Editorial: We can be the solution to the fentanyl crisis

A+fentanyl+patch+lays+opened+on+the+pavement+and+serves+as+a+reminder+of+the+prevalence+of+the+substance+in+cities+across+the+U.S.

End of an Era?/mementosis/Openverse/CC BY-NC-ND 2.0

A fentanyl patch lays opened on the pavement and serves as a reminder of the prevalence of the substance in cities across the U.S.

Almost a week ago, the Centers for Disease Control and Prevention (CDC) released a preliminary report that revealed a sobering statistic: 107,622 deaths in 2021 were the result of drug overdoses.

This number is almost 15% higher than the number of drug overdoses in 2020.

The most pressing threat is the increase in deaths related to synthetic opioids – primarily fentanyl. Accounting for more than two-thirds of the recorded death total, these substances represent a clear and present danger to America.

And it’s not just a problem that’s affecting adults.

Teenage overdoses spiked a shocking 94% between 2019 and 2020 and then an additional 20% in 2021.

These past few years are the first time in decades that the rate of teenage overdoses has increased, according to Joe Friedman, a Ph.D. student at the University of California Los Angeles (UCLA) Medical & Imaging Informatics.

These facts underscore the severity of this trend and call attention to the need for action.

Prompted by the tragic passing of Carlmont senior Colin Walker less than eight months ago, a fentanyl awareness event was held in Carlmont’s Performing Arts Center, and a little over a week ago, the inaugural national Fentanyl Awareness Day followed up local efforts to bring attention to this issue.

Most importantly, these events afforded a platform to the Walker family and other organizations to speak about the dangers of fentanyl. As a result, students posted on social media platforms, and many discussions were held on the topic, a first for a school assembly.

These conversations can be an important catalyst for tangible actions aimed at saving lives by reducing the risk that fentanyl poses to our teenagers.

Despite the fact that fentanyl is essentially an “invisible poison” and little can be done to detect its presence without testing equipment, practical solutions are available.

One of the cheapest and most effective tools for prevention is the use of fentanyl testing strips to test drugs before use. With only a 4% occurrence of either a false positive or negative test result, a price of $1, and the ability to detect fentanyl quantities the size of a grain of salt, these strips are an accurate, effective, and extremely cheap solution to this epidemic.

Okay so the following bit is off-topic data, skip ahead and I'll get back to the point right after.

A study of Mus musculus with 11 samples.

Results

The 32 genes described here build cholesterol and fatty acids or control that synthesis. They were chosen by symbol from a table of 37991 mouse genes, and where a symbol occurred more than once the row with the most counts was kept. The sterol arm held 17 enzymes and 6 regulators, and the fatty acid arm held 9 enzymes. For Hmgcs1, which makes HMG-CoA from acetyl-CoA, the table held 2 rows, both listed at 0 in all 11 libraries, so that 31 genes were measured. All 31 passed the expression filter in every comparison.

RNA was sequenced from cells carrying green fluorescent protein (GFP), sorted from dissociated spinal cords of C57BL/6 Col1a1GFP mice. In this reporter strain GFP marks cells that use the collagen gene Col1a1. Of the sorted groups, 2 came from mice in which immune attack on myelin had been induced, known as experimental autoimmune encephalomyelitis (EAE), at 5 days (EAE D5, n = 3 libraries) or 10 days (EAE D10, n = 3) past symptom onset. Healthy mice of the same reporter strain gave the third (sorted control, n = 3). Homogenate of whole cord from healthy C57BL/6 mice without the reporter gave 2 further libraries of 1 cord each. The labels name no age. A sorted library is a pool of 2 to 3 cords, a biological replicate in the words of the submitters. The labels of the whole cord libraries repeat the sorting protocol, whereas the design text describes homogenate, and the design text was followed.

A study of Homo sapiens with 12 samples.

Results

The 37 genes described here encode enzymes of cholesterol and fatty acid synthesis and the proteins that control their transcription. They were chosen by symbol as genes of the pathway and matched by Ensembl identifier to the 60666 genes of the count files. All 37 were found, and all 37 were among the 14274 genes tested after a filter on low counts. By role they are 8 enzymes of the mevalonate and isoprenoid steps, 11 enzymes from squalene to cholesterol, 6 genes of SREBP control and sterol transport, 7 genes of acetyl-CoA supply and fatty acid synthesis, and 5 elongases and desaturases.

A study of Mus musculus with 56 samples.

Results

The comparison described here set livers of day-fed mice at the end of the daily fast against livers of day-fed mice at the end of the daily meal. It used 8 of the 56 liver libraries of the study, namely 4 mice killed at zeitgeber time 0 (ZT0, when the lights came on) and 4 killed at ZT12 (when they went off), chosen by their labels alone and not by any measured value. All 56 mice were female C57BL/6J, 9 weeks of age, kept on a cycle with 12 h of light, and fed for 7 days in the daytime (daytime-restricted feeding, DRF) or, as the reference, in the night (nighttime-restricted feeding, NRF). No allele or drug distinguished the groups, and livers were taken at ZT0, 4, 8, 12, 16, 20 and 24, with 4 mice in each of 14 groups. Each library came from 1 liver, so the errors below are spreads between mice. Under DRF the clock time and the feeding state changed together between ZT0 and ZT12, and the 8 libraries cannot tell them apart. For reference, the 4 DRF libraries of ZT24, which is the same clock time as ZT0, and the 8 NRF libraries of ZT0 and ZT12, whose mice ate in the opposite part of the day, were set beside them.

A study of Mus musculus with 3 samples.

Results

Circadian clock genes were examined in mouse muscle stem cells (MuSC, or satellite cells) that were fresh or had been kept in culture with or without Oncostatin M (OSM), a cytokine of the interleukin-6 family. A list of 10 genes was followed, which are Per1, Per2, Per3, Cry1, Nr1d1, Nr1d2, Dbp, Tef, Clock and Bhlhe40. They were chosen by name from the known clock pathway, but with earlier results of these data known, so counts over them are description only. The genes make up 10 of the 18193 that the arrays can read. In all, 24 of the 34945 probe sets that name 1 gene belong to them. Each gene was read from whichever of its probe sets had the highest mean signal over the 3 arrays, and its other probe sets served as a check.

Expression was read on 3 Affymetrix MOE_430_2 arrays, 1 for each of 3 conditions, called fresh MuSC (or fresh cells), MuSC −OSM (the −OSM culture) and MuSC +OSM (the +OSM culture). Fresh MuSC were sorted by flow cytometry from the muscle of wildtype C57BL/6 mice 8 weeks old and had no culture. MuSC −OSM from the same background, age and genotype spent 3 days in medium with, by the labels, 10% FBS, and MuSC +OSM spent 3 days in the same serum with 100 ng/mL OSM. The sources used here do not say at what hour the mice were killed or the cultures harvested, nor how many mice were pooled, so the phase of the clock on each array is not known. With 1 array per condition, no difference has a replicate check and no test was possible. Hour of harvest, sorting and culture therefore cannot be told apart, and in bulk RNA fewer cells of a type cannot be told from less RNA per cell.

Furthermore, these testing strips can also be an important deterrent. According to a forecast study conducted by Drs. Susan Sherman and Traci Green in collaboration with the Johns Hopkins Bloomberg School of Public Health, 70% of respondents would change their behavior (whether that be purchasing, ingestion, etc.) as a result of a positive test from a testing strip.

Across San Mateo County, they’re just waiting there for teens and adults alike to use.

Mary Fullerton, the program supervisor of San Mateo County’s Integrated Medical Assisted Treatment team (IMAT), noted the accessibility of these resources in a past interview this spring.

“I have a box of a thousand [testing strips] sitting on my desk,” Fullerton said. She then directed any prospective users to retrieve the strips anonymously via the county’s emergency services.

Ultimately, it is impractical to expect that fentanyl testing strips will be available to everyone using illicit substances.

Another common-sense solution is to be there for each other. The summer months engender a certain allure; months chock-full of parties on the beach and other situations in which teens could be put at risk of fentanyl exposure.

By being vigilant and aware of the dangers of fentanyl, one could be quick to alert the authorities of a potential overdose if they notice a lack of responsiveness, slowed breathing, and other effects. An overdose can potentially be reversed by the administration of naloxone, a potent countermeasure that stops the effects of fentanyl. A person’s probability of survival will increase if they aren’t left alone and the drug is administered soon after symptoms of the overdose present themselves.

In most cases, there is enough time to prevent death from an overdose. According to the New York State Department of Health, death typically occurs one to three hours after the injection of opioids that trigger an overdose.

If Narcan is administered quickly, it has been proven to save lives. A review of Massachusetts emergency medical services between 2013 and 2015 showed a 93.5% survival rate when a dose of Narcan was administered.

By no means are we advocating for underage substance use. In an ideal world, fentanyl wouldn’t get within a 10-mile radius of our school. But in a more realistic world, that simply isn’t the case. And as Colin’s story shows, a single moment can prove fatal.

As fentanyl becomes more prevalent, stories such as Colin’s will only become more commonplace. The way to stop fentanyl in its track is to educate yourself, call attention to the issue, and genuinely care for others.

*This editorial reflects the views of the Scot Scoop editorial board and was written by Hudson Fox.